Calculating the Earth's Age


Figure 1: Barringer Crater in Arizona. Scientists first used lead-lead dating on fragments from this meteorite. (USGS)

Figure 1: Barringer Crater in Arizona. Scientists first used lead-lead dating on fragments from the meteorite that formed this crater. (USGS)

I have been listening to the audio book The Disappearing Spoon, which is an excellent tale about all of the elements of the periodic table. Of particular interest to me was the discussion of how geologists date the age of the Earth using ratios of uranium and lead. The book also discusses determining the ages of meteorites and the Sun. The discussions were interesting enough that I thought I would look up some additional information. As frequently happens, I was amazed at the amount of information on the web about this subject. This technique has been around since 1956, when it was first used to date meteor fragments from a well-known impact site (Figure 1).

Computing the Age of the Earth

Basic Chemistry

The basic chemistry used in the dating process is nicely described in this About.com article. I summarize the contents of this article as follows.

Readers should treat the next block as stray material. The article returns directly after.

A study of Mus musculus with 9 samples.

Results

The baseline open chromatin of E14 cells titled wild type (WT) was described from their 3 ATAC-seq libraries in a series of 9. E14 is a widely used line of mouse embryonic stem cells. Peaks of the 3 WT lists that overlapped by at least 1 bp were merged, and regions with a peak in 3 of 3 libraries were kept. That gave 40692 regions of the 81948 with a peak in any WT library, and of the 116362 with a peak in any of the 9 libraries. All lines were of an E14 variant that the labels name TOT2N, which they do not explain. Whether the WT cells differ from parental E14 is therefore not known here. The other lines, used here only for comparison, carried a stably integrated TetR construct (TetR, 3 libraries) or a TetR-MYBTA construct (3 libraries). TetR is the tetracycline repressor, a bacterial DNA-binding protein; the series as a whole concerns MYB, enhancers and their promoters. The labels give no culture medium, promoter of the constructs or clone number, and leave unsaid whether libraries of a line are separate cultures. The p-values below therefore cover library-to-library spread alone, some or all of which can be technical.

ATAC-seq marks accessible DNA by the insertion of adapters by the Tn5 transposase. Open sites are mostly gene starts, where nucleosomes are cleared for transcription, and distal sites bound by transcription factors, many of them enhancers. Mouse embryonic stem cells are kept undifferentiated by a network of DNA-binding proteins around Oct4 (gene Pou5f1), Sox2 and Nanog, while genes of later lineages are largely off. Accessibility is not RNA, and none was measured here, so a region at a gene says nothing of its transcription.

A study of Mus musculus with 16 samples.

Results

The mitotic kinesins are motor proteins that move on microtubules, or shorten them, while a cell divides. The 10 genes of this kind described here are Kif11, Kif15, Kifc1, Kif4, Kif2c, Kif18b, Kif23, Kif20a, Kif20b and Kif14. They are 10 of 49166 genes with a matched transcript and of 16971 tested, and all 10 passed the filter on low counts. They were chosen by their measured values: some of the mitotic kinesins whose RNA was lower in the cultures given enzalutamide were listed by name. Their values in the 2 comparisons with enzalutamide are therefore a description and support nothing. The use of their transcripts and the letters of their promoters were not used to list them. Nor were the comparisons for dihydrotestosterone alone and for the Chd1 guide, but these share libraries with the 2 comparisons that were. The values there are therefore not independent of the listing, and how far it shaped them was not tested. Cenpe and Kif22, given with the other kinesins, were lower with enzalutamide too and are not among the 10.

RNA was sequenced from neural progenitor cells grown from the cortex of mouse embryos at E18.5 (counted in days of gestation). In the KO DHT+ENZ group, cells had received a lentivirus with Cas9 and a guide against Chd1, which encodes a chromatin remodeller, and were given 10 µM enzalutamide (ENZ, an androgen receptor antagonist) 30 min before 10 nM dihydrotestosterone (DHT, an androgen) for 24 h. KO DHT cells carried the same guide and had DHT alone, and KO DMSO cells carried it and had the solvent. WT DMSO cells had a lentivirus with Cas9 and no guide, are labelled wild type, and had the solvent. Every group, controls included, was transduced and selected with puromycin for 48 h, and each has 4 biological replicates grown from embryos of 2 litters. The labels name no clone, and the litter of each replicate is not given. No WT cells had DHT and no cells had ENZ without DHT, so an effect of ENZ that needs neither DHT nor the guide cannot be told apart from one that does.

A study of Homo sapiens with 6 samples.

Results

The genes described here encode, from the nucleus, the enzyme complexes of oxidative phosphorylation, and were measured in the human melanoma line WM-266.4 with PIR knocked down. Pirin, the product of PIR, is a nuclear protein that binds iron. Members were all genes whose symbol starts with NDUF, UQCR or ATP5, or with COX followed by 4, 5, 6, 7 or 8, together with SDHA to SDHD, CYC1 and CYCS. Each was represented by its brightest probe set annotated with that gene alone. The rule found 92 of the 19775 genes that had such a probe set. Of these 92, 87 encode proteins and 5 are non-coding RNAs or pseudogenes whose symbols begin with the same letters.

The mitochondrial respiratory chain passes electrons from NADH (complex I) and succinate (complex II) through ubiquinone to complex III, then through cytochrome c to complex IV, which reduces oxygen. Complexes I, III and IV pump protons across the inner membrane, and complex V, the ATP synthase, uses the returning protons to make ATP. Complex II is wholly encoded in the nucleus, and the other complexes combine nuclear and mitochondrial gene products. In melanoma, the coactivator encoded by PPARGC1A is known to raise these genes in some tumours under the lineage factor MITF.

• Tiny zirconium crystals (called zircons) are the oldest rocks in the world.
  • The zircons form containing uranium with little or no lead
  • Any lead in the crystals comes from the decay of U235 and U238 into Pb207 and Pb206, respectively.
  • We can use the ratios of Pb207-to-U235 and Pb206-to-U238 to estimate the age of the zircons. Both ratios can be used to estimate the age of the Earth, so we can cross-check our results for consistency. This technique is referred to as lead-lead dating.

Basic Mathematics

We can use Equation 1 as our model for the variation of the isotope ratio over time.

Eq. 1 \text{Ratio}\left( t,{{t}_{\text{Half-Life}}} \right)=\frac{1-{{\left( \frac{1}{2} \right)}^{\frac{t}{{{t}_{\text{Half-Life}}}}}}}{{{\left( \frac{1}{2} \right)}^{\frac{t}{{{t}_{\text{Half-Life}}}}}}}

where t is time and tHalf-Life is the half-life of the isotope in question. Using time as a parameter, we can plot x(t) = Ratio(t,tHalf Life U235) and y(t) = Ratio(t,tHalf Life U238). I threw the equations into Mathcad and plotted the data (Figure 1) assuming a U235 half life of 704 million years and a U238 half life of 4.47 billion years. As I would expect, my plot here agrees with the same plot shown on the About.com web site.

Figure 1: Concordia Plot Showing Uranium and Lead Ratios Versus Time.

Figure 1: Concordia Plot Showing Uranium and Lead Ratios Versus Time.

When geologists measure the ratios and look at the chart, they see that the Earth is about 4.4 billions years old.

Conclusion

I was able to duplicate the results presented on a couple of different web sites on determining the age of the Earth. This was a good exercise and really shows the power of using radioactive decay to determine the age of the Earth.